I’m having a moment with cooked greens. I know, this is thrilling news, right? I’ve put cooked kale in my mashed potatoes, and now I’m sauting collard greens for every dinner.
These collards are a little garlicky, a little lemony, and seriously irresistible. They’re the perfect healthy and quick side dish, and they’re exactly what I’m craving as we get a taste of spring weather.
You might associate collard greens with West African cuisine (I put collards in my peanut soup). Maybe you have tried Southern collard greens, which are slow-cooked with bacon or the like. Southern-style collard greens were inherited from Africa, and so were Brazilian collard greens, called “couve mineira.”
I cooked these collards greens in the Brazilian style—quickly in hot oil, with some garlic and chili flakes. In Brazil, these collards frequently accompany the national dish, called “feijoada,” which is a rich black bean stew cooked with pork, and rice on the side. Take note that these collard greens would go great with black beans and rice if you’re vegetarian or vegan.
Now that our brief history lesson is complete, want to learn how to make this delicious side dish?
How to Cook Brazilian Collard Greens
My friend Matt introduced me to this cooking style years ago. I think it makes the best collard greens! Here’s how to do it:
- Cut the thick central ribs out of the collard greens, and stack the leaves on top of one another. Starting at one end, roll them up into a cigar-liked shape, then slice across the roll to make skinny rolls of collard strips. Use a sharp chef’s knife for this, and make your slices as thin as possible—ideally about 1/8-inch wide. Give the collards a few extra chops to break them apart.
- Warm a large, heavy-bottom skillet (cast iron is great) over medium-high heat. Add a generous drizzle of olive oil (the oil will later help your body absorb the nutrients in the greens). Then add the greens and some salt. Give the greens a good stir so they’re all lightly shimmering from the oil and turning darker green.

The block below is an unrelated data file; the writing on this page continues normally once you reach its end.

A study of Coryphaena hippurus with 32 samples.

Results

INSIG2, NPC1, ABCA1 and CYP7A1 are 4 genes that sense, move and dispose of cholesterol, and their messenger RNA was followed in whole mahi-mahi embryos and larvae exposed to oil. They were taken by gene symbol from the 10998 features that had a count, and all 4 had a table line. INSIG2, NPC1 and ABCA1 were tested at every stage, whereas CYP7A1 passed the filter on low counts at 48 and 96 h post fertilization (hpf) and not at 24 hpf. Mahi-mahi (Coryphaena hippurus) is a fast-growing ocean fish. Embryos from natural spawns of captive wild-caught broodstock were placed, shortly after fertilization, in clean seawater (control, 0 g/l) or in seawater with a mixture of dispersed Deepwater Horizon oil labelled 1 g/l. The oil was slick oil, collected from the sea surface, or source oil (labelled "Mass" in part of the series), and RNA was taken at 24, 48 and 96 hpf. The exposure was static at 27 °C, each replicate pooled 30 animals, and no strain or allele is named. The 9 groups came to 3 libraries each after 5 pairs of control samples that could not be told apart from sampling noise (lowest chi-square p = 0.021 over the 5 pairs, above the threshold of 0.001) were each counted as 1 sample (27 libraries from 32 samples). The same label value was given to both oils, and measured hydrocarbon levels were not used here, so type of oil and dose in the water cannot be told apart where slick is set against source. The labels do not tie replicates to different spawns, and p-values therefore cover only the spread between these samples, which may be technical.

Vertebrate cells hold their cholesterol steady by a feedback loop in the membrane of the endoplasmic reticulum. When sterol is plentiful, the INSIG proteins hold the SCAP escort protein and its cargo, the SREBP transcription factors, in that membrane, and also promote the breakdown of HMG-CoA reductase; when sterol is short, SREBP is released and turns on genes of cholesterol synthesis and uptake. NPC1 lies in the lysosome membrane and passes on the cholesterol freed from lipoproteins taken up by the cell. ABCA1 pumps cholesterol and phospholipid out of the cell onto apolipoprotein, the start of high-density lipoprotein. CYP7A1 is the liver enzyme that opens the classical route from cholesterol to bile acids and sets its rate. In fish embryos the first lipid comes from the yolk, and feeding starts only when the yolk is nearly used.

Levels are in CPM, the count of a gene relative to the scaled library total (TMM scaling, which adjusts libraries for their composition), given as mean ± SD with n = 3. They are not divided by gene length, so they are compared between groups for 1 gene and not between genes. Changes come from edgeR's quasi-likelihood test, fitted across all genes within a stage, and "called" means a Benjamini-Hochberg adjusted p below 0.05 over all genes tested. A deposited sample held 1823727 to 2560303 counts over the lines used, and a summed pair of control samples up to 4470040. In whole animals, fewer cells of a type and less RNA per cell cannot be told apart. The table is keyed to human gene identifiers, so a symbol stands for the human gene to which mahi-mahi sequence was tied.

- Let the greens cook against the pan in 30-second intervals, stirring in between. Thanks to the hot oil in the hot pan, some of the collards will eventually develop crisp, browned edges—these taste so good!
- Once you see a little browning action, add the garlic and red pepper flakes. Rather than before, because otherwise it’ll burn by the time your collards are done, I suggest adding the garlic at this point.
- Transfer the collards to plates so they stop cooking. Serve with a wedge of lemon, and you’re done.
How to Serve Brazilian Collard Greens
Honestly, the flavors in these collard greens would go well with almost any hearty main dish. Here are some ideas: If you can’t find collards or have an extra bunch of kale,
Change It Up
Kale is a great substitute for the collard greens, .
These quick-cooked collard greens are also surprisingly fantastic with Asian flavors. If you’ve ever made my kale fried rice, you might appreciate this idea because kale and collards are similar greens.
For an Asian spin, you can simply reduce the salt (we’re adding salty sauce later) and substitute 1/2 teaspoon grated ginger for the garlic. Once the collards are done cooking, add a drizzle of store-bought teriyaki sauce to the pan, or add 1 teaspoon tamari or other soy sauce and 1/2 teaspoon toasted sesame oil. (Skip the lemon.) So good.
Looking for more simple, healthy side dishes? Here are a few of my favorites:
Please let me know how these collards turn out for you in the comments! Cooked greens can be surprisingly addictive.
Quick Collard Greens
5 from 16 reviews
These collard greens are quickly cooked in olive oil and finished with a squeeze of lemon juice. You’re going to love these healthy, vegetarian collards! Recipe yields 2 side servings. To make multiples, simply repeat the ingredients and instructions below (cook each batch separately for best results).